The Federal Trade Commission (FTC or Commission) has issued a final rule clarifying its data security requirements for certain covered financial institutions. The new rule, which amends the Safeguards Rule originally promulgated in 2002 under the Gramm-Leach-Bliley Act (GLBA), outlines specific criteria to be incorporated as part of GLBA-covered financial institutions’ information security programs. The primary changes include:
- A requirement to designate a single qualified individual responsible for overseeing the information security program and periodically reporting to the board (or other governing body)
- Identification of specific security risk assessment criteria and a requirement that such assessments be documented in writing
- Specific required safeguards, including access controls, encryption, data disposal procedures, continuous monitoring, and penetration testing
- Service provider selection criteria and a related requirement to periodically assess service providers based on perceived risk
- Expansion of the definition of “financial institution” to clarify that it includes entities providing “finder” services incidental to financial activities
The updated rule takes effect 30 days after publication in the Federal Register, but some of the more significant new requirements will not take effect for another year.
The prior rule: lack of concrete guidance to financial institutions subject to FTC authority
The prior Safeguards Rule sought to facilitate covered financial institutions’ protection of consumer data by requiring them to implement robust information security programs. The requirements, however, were more general than prescriptive. Covered institutions were required to:
- Disclose their program to consumers
- Ensure that information security programs appropriately met the size and complexity of an institution’s operations
- Design programs based on reasonably foreseeable internal and external risks
- Implement periodic testing and update programs in light of such tests
- Select appropriate service providers with the capacity to implement and maintain appropriate safeguards
Specific standards introduced under new Safeguards Rule
The new Safeguards Rule introduces specific standards for covered financial institutions’ information security programs, including:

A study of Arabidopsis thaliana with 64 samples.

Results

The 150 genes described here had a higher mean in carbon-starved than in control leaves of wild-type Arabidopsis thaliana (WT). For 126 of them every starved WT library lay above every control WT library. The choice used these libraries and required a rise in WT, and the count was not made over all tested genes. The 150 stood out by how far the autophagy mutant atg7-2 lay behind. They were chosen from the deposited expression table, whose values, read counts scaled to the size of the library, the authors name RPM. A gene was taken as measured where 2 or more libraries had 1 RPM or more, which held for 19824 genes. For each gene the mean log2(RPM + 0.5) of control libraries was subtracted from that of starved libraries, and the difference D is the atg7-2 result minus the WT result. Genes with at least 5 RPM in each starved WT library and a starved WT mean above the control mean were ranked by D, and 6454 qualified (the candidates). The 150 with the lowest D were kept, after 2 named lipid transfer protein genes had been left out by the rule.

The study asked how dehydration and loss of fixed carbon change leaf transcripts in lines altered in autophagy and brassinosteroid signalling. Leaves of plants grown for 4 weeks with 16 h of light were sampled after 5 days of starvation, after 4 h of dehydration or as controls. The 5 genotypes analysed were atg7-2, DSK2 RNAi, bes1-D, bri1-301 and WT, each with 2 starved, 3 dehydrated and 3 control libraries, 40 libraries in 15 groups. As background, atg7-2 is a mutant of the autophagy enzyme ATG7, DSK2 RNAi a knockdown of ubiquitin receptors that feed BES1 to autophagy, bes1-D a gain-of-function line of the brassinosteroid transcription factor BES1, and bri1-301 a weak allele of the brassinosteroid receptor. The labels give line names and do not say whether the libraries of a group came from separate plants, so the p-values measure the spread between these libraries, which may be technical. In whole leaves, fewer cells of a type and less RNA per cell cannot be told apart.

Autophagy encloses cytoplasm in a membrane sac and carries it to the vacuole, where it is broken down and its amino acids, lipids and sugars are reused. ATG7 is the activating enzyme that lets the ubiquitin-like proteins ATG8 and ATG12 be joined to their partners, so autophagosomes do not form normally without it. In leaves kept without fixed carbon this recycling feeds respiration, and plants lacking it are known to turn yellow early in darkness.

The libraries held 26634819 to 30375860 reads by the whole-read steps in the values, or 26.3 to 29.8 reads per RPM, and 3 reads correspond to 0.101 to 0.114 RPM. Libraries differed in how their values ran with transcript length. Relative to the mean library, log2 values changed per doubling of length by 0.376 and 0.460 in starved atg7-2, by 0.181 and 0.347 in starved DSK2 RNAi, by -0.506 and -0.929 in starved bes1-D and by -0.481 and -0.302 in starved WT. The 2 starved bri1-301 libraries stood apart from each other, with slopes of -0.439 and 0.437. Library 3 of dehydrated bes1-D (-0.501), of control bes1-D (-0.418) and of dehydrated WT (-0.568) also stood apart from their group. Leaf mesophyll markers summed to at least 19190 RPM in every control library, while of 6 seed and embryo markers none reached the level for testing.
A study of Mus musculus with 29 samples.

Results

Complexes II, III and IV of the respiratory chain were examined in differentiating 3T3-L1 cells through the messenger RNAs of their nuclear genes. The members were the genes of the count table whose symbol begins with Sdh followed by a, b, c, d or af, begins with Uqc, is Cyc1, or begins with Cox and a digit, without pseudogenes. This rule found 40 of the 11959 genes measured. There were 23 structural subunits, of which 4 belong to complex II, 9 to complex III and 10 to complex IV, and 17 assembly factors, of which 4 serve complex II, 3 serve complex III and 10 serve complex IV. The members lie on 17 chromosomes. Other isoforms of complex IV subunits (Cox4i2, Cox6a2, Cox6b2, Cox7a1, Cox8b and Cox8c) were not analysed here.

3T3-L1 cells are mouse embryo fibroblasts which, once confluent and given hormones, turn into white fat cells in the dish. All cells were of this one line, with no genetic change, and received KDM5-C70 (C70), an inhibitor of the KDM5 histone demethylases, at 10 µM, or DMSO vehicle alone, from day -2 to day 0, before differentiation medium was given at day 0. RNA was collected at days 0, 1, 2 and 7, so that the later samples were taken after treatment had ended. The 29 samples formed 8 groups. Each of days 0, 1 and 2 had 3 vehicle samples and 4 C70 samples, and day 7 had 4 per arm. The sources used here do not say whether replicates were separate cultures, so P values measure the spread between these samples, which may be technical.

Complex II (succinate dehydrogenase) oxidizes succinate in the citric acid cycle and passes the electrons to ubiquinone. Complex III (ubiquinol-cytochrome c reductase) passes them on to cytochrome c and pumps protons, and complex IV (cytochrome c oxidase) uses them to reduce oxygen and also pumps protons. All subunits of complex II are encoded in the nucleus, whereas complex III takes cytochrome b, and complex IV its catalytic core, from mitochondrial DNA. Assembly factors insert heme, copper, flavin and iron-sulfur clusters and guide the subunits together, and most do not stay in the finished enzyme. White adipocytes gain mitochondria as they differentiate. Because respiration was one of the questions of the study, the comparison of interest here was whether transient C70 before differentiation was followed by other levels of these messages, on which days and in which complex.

- Specific risk assessment criteria
- Specific factors to be addressed in determining appropriate safeguards
- Designation of a qualified individual responsible for overseeing and reporting on the information security program
- Various service provider oversight obligations
The amended rule also addresses annual penetration tests and semiannual vulnerability assessments, multifactor authentication, encryption of consumer data, and the definitions of various key terms. Notably, the new Safeguards Rule expands the definition of “financial institutions” to bring entities engaged in “finding” – that is, bringing together buyers and sellers of a product or service – under the ambit of the rule.
With the amended Safeguards Rule, the Commission continues to sharpen its focus on financial institutions’ data protection and privacy practices. In an already highly regulated field, it is important for businesses to remain agile and responsive to the changing regulatory and enforcement landscape. Clearer expectations for how financial institutions should develop and establish their information security programs may prove to be a double-edged sword: on the one hand, the amended Safeguards Rule may ease uncertainty about what the FTC expects, but it also places greater pressure on regulated entities to keep abreast of the Commission’s evolving standards and to strive for compliance on an ongoing basis.
Although key requirements are not slated to take effect for another year, financial institutions should begin evaluating their internal security programs in order to assess how they stack up against the amended Safeguards Rule.